Citizen activism is a requisit for a democratic society. Building civil society structures and assisting groups to form associations are part of WADI’s democratization programm. In November 2009, WADI assisted a first meeting between representatives from villages and towns which had been the target of poison gas attacks at the end of the 1980s. The delegates decided to found a non-governmental organization. Their aim was to enhance the development of the completely destroyed and depopulate region and to deal with the consequences of the chemical attacks. Yet, the government delayed the NGO’s registration. On December 29th, the activists took it upon themselves and declared to be an NGO according to Iraqi-Kurdish law.
Twenty-five years after the gas attacks on Halabja, the population still suffers the consequences. During and immediately after the attacks of 1988 several thousands of civilians were poisoned and killed by chemical bombs. Survivors fled for long years of exile and life in refugee camps in Iran and the Eastern provinces of Iraqi-Kurdistan. In 1991, Iraqi-Kurdistan became de facto autonomous, and thus many of Halabja’s refugees were able to return to their town. However, the area soon came under the control of Ansar al-Islam, a fundamentalist group that imposed a rule by force and fear.
Very little has been done for the inhabitants of Halabja during the two decades since the attacks on the city. The harm caused by the chemical bombs is long-lasting. Cancer, eye, skin, bone and blood diseases, still-birth and infertility are commonplace among those who survived the attacks.
Today, the younger generation in Halabja takes initiative to improve the situation in their town by studying, petitioning, taking part in local democratization projects and getting media attention for the difficulties their community is constantly facing. Halabja has become an official symbol for the persecution of the Kurds. Yet, the town and its population have been neglected even by the regional authorities. Only in 2006, after local demonstrations and clashes with the security forces, the regional government launched some infrastructure and water projects, but there are still no projects for better medical supply and special medical and psychological treatments.
The 20th anniversary of the attack, in March 2008, was marked by conferences in Switzerland and Germany, with the participation of people from Halabja. Now, the 25th anniversary is coming up on March 16th. Preparations are in full process. One of the organizers is the newly founded NGO “Spey”. In Winter 2009/10 representatives of different areas formerly attacked by chemical bombs founded the organisation. The name means “white” and stands for the color of the gas but also symbolizes hope. The new organisation demands a thourough inquiry of the impact of poison gas on human beings and the environment. »Spey« wants to coordinate regional activities and strenhgthen citizens rights and demands by networking with other groups in the region. Another aim is to document the history of the attacks and to develop a culture of commemoration.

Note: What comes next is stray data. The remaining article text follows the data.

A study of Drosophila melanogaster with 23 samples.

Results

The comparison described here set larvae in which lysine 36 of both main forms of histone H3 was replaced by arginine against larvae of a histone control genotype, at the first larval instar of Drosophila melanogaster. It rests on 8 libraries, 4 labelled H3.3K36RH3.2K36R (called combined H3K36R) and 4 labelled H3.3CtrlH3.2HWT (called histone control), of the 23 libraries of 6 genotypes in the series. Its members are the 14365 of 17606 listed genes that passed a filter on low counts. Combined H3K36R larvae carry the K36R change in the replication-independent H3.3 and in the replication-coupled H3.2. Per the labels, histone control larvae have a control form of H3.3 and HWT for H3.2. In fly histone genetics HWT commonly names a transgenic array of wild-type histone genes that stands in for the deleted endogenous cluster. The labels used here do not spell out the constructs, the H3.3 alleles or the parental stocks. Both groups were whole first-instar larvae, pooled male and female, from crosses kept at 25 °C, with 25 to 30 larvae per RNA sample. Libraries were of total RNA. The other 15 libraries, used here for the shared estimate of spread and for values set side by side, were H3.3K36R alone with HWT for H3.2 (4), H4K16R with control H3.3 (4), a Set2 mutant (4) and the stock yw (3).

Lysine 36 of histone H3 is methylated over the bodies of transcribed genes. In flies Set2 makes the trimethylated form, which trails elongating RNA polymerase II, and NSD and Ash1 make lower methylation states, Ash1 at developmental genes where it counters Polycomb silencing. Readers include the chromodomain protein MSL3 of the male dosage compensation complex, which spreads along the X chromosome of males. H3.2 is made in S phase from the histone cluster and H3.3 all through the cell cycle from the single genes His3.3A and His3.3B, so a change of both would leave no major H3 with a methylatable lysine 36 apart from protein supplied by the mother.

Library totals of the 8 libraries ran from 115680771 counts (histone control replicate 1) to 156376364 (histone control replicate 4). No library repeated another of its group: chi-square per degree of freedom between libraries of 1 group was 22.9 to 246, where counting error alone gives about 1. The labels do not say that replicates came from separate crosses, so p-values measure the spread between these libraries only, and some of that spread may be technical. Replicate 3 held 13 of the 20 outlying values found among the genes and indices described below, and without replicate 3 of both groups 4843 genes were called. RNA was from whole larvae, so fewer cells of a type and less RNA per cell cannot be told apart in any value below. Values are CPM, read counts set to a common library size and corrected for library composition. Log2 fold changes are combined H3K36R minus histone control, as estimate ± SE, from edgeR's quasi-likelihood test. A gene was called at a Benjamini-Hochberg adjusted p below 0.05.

Yet, the first obstacle the new organsation had to overcome was registration. Even though any group is entitled by law to form an NGO and get registered as such, “Spey” waited for three years in vain for the registration to take place. On December 29th 2012, they took it upon themselves and declared Spey an NGO on the occasion of the first conference they had organized. “Spey” is now WADIs partner organisation in implementing and developing new projects for the villages and places still haunted by the gas.
In cooperation with Radio Dange Nwe and the Halabja women centre, Spey recently organised a public event about mass graves in Halabja and health issues as part of the commemoration of the 25th anniversary of the gas attacks.
Also in preparation to the 25th anniversary, Spey and Radio Dange Nwe conducted an opinion survey about living conditions in Halabja and the services provided. 2500 questionnaires were handed to people asking them also how the government and non-government-organisations are dealing with the tragedy and the recognition of the bombing as an international crime against humanity. Opinions were given on ways to improve assistance to the citizens of Halabja in their daily life’s. The results show, that citizens are tired of empty promises by politicians. The study was presented to the public and government on March 13th. On the same day Spey paid a visit to the German consulate in Erbil handing over a letter to the German foreign minister which demands German assistance and recognition of Germany’s responsibility concerning Saddam Hussein’s poison gas production.
WADI supports Halabja´s community by several different projects:
• Radio Dange Nwe (2004)
• Halabja Women Center (2004)
• Halabja Women´s Café (2007)
• Legal Aid Programme (2007)
• Women-led Mobile Teams (2003)
• FGM Awareness Teams (2005)
Thanks to funding from Green Cross, a special programme for the victims of the gas attacks started in Halabja.